The goal of LID is to mimic a site’s predevelopment hydrology by using design techniques that infiltrate, filter, store, evaporate, and detain runoff close to its source.
Photo Credit: Low Impact Development Center.
LID Stormwater Management Practices
Forty foot wide road layouts in one to three acre subdivisions, coupled with piped stormwater treatment practices adopted in the 1980s and 1990s are causing more loss of habitat, water quality problems, and infra structure maintenance issues than anyone anticipated. Is there a better way?
Yes. It is called “Low Impact Development” (LID), and the new philosophy is causing Buzzards Bay watershed environmental managers and municipal Planning Boards to rethink their local subdivision regulations and environmental bylaws.
What is Low Impact Development?
Low Impact Development (LID) is the challenge of making a residential subdivision, or a commercial property, function hydrologically like wooded, undeveloped land. The goal of LID design is to maintain the integrity of each watershed by maintaining the natural, pre-developed hydrology on the site. LID designs move away from a “collect, convey and discharge” strategy to one that minimizes both impervious areas and treats stormwater onsite, not passing it onto another parcel of land or stormwater network. The strategy includes narrower streets, open road swales, and landscape practices that store and filter runoff. All this is accomplished at reduced cost to developers and increased benefits to the municipality and environment. It also means less costs to taxpayer for road repaving and other maintenance. LID practices are also a great way to “green up” a community, using attractive trees and plants.
BBP LID Presentations
This is a thumbnail version of the slides in a pdf file. It is 1.1 MB. This slide show was based on a PowerPoint presentation developed by the Puget Sound Water Quality Action Team.
May 24, 2005 LID meeting: How to make Low Impact Development Happen in Your Community
“Low impact development means narrower roads and less impervious surfaces, and treating stormwater closer to where it is generated. But LID is often discouraged by town regulations that attempt to achieve a gold standard of wide roads, curbs, and hard solutions for stormwater treatment. This old school approach is more costly to construct, bad for the environment, and creates a long-term burden for taxpayers in maintenance and repaving costs. Claims of road width to meet public safety do not match the actual needs of emergency vehicles or reflect their ability to use existing roads. Commercial sites often have parking space for the “hundred year parking event” and are rarely designed with rain capturing islands or other LID strategies. ”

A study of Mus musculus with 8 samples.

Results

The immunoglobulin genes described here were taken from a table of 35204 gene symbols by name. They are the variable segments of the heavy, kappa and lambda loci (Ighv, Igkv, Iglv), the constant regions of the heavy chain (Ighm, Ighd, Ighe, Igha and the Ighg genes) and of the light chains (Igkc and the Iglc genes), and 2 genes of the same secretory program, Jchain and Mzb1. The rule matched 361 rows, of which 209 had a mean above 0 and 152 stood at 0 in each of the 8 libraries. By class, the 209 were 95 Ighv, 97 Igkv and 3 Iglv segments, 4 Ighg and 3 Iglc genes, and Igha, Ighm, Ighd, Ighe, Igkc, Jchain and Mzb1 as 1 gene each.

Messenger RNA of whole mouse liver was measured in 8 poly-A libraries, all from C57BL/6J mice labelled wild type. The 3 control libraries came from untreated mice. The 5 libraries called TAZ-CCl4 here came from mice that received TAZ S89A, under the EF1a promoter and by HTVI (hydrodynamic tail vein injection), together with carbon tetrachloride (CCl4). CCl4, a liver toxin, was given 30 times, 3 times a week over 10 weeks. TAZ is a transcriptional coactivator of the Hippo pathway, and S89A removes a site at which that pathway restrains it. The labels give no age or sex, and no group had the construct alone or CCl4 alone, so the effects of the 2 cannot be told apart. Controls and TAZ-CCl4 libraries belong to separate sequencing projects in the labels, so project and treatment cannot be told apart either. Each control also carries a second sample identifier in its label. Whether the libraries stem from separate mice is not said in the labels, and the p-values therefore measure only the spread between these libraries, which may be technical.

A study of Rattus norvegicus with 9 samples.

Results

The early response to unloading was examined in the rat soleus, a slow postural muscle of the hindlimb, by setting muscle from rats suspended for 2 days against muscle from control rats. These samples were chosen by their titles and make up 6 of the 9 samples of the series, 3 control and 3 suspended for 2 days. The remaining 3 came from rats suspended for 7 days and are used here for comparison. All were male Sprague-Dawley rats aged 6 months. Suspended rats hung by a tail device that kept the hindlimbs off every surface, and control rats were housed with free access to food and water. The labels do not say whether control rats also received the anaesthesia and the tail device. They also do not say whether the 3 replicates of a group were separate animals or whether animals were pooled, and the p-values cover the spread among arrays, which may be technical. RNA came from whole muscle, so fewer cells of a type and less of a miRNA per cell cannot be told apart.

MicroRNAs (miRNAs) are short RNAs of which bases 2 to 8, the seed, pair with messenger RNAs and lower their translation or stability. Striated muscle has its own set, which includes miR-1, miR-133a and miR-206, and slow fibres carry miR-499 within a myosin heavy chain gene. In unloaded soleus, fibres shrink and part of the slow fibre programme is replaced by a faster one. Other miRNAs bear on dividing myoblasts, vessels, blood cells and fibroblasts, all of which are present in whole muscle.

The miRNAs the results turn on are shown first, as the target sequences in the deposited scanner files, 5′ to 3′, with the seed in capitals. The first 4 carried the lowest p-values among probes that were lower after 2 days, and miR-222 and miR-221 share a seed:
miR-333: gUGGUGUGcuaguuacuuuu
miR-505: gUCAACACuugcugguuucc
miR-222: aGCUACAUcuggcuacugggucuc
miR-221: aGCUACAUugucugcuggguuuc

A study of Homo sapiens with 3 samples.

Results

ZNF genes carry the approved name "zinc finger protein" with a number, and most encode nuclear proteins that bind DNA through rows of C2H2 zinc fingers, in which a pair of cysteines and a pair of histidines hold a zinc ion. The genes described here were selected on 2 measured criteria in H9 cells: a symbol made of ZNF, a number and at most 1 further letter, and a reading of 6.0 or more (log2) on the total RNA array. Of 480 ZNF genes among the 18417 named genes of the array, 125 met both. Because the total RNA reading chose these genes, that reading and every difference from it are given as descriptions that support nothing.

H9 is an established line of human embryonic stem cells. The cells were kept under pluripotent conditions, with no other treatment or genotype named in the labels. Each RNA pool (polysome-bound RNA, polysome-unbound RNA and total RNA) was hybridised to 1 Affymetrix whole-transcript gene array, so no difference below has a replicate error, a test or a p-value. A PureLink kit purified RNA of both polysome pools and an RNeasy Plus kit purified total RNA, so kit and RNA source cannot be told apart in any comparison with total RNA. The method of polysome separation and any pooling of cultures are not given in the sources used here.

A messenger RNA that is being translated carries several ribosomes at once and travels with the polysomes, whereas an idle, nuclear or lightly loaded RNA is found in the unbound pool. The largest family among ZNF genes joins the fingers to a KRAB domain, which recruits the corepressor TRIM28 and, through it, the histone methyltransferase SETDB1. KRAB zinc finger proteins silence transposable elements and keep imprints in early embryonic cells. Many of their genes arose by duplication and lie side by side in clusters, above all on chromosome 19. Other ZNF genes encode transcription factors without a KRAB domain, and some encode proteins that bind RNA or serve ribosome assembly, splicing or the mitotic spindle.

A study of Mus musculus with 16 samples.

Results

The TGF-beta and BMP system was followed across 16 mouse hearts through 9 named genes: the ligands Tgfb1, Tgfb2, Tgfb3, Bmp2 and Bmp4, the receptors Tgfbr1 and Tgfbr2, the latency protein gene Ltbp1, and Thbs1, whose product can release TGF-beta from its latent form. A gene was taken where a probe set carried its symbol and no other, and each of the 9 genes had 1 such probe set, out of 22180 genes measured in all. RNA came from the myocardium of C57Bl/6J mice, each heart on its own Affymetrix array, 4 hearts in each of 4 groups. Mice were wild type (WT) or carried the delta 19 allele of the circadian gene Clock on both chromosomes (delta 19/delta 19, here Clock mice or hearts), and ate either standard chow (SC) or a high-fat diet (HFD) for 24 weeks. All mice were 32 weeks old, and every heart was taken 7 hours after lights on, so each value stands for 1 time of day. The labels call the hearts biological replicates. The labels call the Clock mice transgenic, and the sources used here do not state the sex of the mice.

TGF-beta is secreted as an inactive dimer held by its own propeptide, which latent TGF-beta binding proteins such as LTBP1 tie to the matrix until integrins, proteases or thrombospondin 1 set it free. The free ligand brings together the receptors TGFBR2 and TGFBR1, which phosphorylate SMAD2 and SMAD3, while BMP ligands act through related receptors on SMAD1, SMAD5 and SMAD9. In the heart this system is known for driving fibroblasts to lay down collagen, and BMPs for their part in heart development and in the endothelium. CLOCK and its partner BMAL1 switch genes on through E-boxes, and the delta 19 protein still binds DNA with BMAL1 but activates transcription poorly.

Other Stormwater Topics
Broad Marsh River Stormwater Remediation Project.
This is the final report on the Town of Wareham and DEP 319 program funded stormwater remediation project to help open shellfish beds.
Spragues Cove Project.
A two-acre wetland constructed to manage stormwater in the Town of Marion, MA.
Buttermilk Bay Stormwater Project.
Three towns, one bay, and thirty sizable stormwater discharges.
The BBP’s model Stormwater Bylaws.
In January 1996, the Buzzards Bay NEP circulated model Municipal Bylaws to help Planning Boards, Conservation Commissions and Boards of Health better manage stormwater discharges. Here is the report we issued. Several towns have already adopted our approach.
MA DEP stormwater regulations and policies.
The Massachusetts Department of Environmental Protection Wetlands and Waterways division released stormwater guidance for Conservation Commissions for evaluating stormwater discharges pursuant to the State’s wetland Protection Act.